Listen: Frisco Winter Lecture Series begins with ‘The story of the Breckenridge Ski Area and its runs’
Local historian Rick Hague with the Breckenridge Heritage Alliance kicked off the Frisco Historic Park and Museum 2018 Winter Lecture Series on Wednesday, Feb. 7, with “Ski Through History — The Story of the Breckenridge Ski Area and its Runs.”
Breckenridge is a rare ski area in that most of the runs have names with meanings. Hague’s presentation went through the Breckenridge ski area’s long-lost secrets, as well as its history.
Listen to Hague’s presentation here:
All lectures are free to attend and will be held in the Frisco Historic Park and Museum Log Chapel on Wednesdays from 3–4 p.m.
Feb. 14 at 3 p.m. in the Log Chapel
Mountain Rescues of Summit County
Presented by Glen Kraatz
For 45 years, volunteers of Summit County’s mountain rescue team have been responding to backcountry calls for help. During this talk, attendees will hear about the history of the rescue team and their captivating tales of search and rescue missions spanning almost a half a century.
Feb. 21 at 3 p.m. in the Log Chapel – Book Signing and Reception from 4–5 p.m.
Skiing Off to War: 10th Mountain Division in WWII
Presented by Colonel Tom Duhs, USMC Retired
Colonel Tom Duhs, USMC Retired will explore the story of the 10th Mountain Division, which trained at Camp Hale, near Leadville, Colorado, from 1942-1944. Deployed to Italy, they pushed the German Army out, helping to bring about the end of World War II in May 1945. The unique nature of the only US Army Mountain Division, its recruitment, training, employment and work after the war is truly fascinating. Guests are invited to a book signing, live music and light refreshments after the lecture from 4:00 pm-5:00 pm.
Feb. 28 at 3 p.m. in the Log Chapel
Women of the Gold Rush
Presented by T Lee
The reformed prostitute, the persistent philanthropist, the reluctant doctor, the feisty feminist, the quintessential merchant, the abandoned native… guests will have a chance to hear these fascinating historical life stories told by Minneapolis jewelry designer, T Lee. Guests will not only get lost in T. Lee’s colorful storytelling, they will also get a glimpse of T Lee’s jewelry designs. T Lee will share her artistic inspiration, finding extraordinary women of history who, through their courage, empowered women of the future.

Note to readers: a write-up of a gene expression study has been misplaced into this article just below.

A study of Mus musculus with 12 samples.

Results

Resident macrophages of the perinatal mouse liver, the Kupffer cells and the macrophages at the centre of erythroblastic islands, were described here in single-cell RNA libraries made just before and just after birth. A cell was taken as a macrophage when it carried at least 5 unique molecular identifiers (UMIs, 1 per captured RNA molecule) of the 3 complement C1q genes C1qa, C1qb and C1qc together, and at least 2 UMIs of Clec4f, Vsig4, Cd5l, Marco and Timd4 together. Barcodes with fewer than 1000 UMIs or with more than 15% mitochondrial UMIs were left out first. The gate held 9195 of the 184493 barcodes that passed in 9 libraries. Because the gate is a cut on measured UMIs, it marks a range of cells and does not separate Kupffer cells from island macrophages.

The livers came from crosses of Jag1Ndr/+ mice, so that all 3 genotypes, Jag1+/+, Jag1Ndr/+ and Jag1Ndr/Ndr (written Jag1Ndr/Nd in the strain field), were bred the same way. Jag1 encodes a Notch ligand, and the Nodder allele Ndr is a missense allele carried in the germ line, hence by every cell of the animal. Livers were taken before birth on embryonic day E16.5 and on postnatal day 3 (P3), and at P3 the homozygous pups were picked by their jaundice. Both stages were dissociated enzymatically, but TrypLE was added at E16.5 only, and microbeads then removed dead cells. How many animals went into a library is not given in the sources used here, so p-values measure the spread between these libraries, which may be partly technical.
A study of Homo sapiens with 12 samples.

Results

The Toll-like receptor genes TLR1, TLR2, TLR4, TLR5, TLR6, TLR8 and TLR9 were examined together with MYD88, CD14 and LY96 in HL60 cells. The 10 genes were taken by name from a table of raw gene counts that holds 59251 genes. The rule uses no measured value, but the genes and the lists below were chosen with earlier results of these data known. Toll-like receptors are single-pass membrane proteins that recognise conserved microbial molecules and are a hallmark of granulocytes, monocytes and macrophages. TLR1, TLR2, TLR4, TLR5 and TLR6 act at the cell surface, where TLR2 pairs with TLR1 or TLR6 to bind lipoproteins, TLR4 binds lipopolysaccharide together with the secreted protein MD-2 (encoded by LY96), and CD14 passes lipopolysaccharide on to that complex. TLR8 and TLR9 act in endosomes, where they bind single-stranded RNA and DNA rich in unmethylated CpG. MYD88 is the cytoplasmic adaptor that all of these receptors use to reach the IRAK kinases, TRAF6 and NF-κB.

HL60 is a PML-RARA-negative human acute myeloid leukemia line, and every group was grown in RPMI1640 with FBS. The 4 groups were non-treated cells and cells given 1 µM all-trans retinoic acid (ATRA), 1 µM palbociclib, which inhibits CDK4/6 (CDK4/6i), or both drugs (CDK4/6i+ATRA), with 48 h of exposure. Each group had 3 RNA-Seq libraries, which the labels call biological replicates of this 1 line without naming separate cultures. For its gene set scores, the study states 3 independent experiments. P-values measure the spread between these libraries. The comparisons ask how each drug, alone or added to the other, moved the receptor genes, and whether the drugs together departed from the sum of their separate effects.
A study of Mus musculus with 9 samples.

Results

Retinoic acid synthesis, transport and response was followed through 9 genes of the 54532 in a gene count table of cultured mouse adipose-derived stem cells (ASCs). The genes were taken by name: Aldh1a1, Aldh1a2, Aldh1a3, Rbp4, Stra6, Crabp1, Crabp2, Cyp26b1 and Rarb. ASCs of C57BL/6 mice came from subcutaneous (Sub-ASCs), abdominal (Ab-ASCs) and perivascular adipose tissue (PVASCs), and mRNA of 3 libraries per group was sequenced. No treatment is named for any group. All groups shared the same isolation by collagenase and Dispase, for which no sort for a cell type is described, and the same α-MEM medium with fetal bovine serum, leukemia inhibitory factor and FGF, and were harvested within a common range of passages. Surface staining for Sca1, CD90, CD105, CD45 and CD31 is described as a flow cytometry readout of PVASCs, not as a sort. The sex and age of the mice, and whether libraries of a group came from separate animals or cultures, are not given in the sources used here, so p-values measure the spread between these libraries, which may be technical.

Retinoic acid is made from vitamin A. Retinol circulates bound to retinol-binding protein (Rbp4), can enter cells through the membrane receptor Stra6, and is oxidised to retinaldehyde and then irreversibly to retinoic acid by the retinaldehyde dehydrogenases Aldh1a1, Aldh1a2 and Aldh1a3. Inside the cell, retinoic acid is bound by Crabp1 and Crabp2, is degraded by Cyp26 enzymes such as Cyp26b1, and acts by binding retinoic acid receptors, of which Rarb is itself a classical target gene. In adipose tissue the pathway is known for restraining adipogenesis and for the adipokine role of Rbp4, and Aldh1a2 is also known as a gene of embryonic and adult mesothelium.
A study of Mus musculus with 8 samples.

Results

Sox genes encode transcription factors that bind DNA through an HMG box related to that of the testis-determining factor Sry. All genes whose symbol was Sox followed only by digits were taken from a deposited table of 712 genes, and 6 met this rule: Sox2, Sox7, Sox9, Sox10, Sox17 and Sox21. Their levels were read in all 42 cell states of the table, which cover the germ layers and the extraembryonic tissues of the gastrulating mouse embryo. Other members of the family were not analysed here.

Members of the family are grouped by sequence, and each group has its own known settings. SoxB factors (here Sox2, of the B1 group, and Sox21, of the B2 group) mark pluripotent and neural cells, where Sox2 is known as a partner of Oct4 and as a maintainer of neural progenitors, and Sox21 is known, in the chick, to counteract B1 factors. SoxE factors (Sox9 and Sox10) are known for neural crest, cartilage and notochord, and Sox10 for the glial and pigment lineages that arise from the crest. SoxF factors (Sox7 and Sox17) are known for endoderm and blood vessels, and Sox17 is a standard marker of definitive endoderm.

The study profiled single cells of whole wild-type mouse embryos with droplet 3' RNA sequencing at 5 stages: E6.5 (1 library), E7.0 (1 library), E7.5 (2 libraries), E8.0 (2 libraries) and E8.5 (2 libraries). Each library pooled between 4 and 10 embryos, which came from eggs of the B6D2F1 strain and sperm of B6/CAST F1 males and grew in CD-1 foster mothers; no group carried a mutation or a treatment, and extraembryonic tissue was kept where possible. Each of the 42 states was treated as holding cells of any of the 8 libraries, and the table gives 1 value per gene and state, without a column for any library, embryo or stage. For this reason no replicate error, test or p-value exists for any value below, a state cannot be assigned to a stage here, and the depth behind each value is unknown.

March 7 at 3 p.m. in the Log Chapel
They weren’t all Prostitutes and Gamblers
Presented by Dr. Sandie Mather
Guests are invited to learn about the lives of the women living in Summit County in the 1880s and 1890s. One interesting character was Anna Sadler Hamilton, the wife of a meat merchant, who arrived in Breckenridge in 1885 as a bride and who never stopped longing for the family she left in Illinois.
March 14 at 3 p.m. in the Log Chapel
Sisters of Courage
Presented by Dave Lively
Dave Lively will present the story of the Harbison’s, an ordinary family with a remarkable tale. In 1896 Annie and Kittie Harbison homesteaded side by side in the Kawuneeche Valley near Grand Lake and this presentation will be a journey into the past exploring their pioneer experience, their family’s unique life and how the Harbison Ranch became the west entrance to Rocky Mountain National Park.
March 21 at 3 p.m. in the Log Chapel
South Park Perils: Short Ropes and True Tales
Presented by Christie Wright
Summit and Park counties share a common border – the Continental Divide, accessible via three timberline passes. Guests will hear about four true murder stories from the 1800s, which happened in Park County, just across the Divide: in Hall Valley (near Webster Pass); in Jefferson (Georgia Pass); and in Como (Boreas Pass). These dastardly deeds really are stranger than fiction!
March 28 at 3 p.m. in the Log Chapel
Highest Automotive Tunnel in America: The Eisenhower-Johnson Memorial Tunnel
Presented by Hannah Braun
One of the most incredible feats of transportation engineering and completed in the 1970s, the Eisenhower-Johnson Memorial Tunnel was the highest vehicular tunnel in the world. An average of 30,000 cars travel through the tunnel each day, and 400 million cars have used the tunnel since it opened, without a single motorist fatality. The fascinating story of the tunnel involves harsh winters, dangerous fault lines, technological advances and the fight for women’s rights in the work place.
For more information regarding the Frisco Historic Park and Museum and its programs, please go to FriscoHistoricPark.com or call (970) 668-3428.